Nerlens Noel Injury: NBA Should Keep Age Limit Despite Kentucky Star's Setback

Timothy RappFeatured ColumnistFebruary 14, 2013

LEXINGTON, KY - FEBRUARY 09:  Nerlens Noel #3 of the Kentucky Wildcats walks down the court during the game against the Auburn Tigers at Rupp Arena on February 9, 2013 in Lexington, Kentucky.  (Photo by Andy Lyons/Getty Images)
Andy Lyons/Getty Images

We're starting the wrong debate for the right reasons. 

With the terrible injury to Nerlens Noel this week, a torn ACL that will end the Kentucky star's freshman season, the debate about the NBA's age limit has been started anew.

It's even extended to football, with folks suggesting South Carolina star Jadeveon Clowney should sit out a year or challenge the NFL's three-years-removed-from-high school rule that prevents most athletes from declaring for the draft until after their junior season of college.

For an impassioned takedown on that policy, I recommend checking out Mike Silver's article on the subject over at Yahoo! Sports.

I agree with the notion that it's ridiculous a high school senior entering the next stage of his life can't earn some money in his future career. I see the risks these guys take playing for free, potentially costing themselves millions of dollars if they get injured while the NBA and NFL don't pay a dime, but it is called the NCAA and is essentially a free minor league system for both leagues.

But I also think both leagues are smart to enact age limits. I really do. The NFL is no place for young, underdeveloped athletes, and Clowney is the rare stud that could make an impact after two years of college ball.

And the NBA was a diluted product when over half of its annual draft was made up of totally unproven high school players. The league was suddenly full of bench players making millions of dollars who weren't even 20 yet, and needed a different intensity of coaching and guidance.

I've always been a proponent of paying college football and basketball players a stipend, and I think that's a part of the solution. And I think it's high time the NBA and NFL stopped treating college football and college basketball like a free minor-league system and paid into a fund to pay those players.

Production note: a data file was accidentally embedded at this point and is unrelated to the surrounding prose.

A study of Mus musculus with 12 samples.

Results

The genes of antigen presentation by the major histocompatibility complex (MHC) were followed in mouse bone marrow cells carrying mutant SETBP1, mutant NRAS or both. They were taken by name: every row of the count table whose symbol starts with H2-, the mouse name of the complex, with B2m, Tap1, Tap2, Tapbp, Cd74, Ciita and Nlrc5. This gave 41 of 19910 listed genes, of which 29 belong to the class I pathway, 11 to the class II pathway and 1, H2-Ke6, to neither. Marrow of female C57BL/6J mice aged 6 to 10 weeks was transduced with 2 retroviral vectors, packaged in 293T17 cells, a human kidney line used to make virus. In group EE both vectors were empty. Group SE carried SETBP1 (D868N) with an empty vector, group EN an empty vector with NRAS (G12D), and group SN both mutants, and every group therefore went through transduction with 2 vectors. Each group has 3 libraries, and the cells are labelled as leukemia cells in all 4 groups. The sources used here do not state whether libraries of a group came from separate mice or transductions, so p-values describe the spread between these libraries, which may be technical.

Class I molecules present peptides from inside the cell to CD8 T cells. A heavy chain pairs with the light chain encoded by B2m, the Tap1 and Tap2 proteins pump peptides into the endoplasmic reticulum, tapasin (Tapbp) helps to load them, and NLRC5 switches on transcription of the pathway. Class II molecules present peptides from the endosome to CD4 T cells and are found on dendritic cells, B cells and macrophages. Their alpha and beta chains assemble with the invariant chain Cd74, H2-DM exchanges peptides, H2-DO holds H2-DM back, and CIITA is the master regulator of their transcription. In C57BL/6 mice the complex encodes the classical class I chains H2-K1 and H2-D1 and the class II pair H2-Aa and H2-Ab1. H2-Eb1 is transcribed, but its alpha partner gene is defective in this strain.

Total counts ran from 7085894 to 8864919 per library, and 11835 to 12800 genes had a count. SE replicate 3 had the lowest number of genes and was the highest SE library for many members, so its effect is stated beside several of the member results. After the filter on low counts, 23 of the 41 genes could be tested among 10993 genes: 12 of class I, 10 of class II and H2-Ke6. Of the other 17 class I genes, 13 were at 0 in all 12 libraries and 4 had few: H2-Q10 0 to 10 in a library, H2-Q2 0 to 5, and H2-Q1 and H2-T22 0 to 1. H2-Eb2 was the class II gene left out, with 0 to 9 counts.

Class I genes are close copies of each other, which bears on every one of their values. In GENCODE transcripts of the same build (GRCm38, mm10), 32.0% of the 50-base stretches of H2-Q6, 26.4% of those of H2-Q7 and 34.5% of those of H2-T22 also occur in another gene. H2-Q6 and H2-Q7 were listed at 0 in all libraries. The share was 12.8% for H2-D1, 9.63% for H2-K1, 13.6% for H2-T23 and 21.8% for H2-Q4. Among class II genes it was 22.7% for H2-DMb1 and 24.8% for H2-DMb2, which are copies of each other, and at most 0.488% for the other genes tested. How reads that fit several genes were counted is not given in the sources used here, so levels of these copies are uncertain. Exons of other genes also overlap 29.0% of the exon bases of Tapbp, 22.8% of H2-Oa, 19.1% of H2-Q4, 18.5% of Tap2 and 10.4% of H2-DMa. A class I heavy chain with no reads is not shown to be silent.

Think of it as an investment.

And I also think we should really encourage those players who want to get paid immediately to play basketball overseas. It worked for Brandon Jennings, it could work for other players as well. 

Both the NFL and NBA are making smart business decisions by enacting age limits, but it's high time we recognize the risk some of these players undertake playing for free.

I'm not talking about paying college football and basketball players millions of dollars, just offering them a decent monthly stipend and assisting in insurance payments for superstars like Clowney, who could cost himself millions of dollars if he is injured next year.

These players help universities earn millions of dollars, and do so as athletes who risk their futures should they be injured. I highly doubt a lab student doing research that will aid a university in gaining grants is putting their future at any sort of risk.

A free education is a great perk, I agree. But most of these athletes are majoring in basketball or football, not English. We should offer them programs that focus on sports-related careers to major in, treat them like university employees and try to soften some of the risk that injuries, like the one to Noel, present.

Most of these guys are really committed to playing football or basketball, and a part-time job isn't feasible. But they do have a job—helping the university make millions upon millions of dollars by playing a game.

They do it for free. It's absurd.

The NBA and NFL shouldn't change their age-limit rules. Those rules ensure a better product and, in my opinion, have the best interests of young athletes in mind. There are only so many LeBron James, Kobe Bryants and Kevin Garnetts out there. It's a small percentage.

But we do need to alter the college sports landscape, starting with paying college basketball and football players. 

It's time to change the debate. It's time to stop pretending like college sports are amateur athletics. 

They aren't. They haven't been for a long, long time.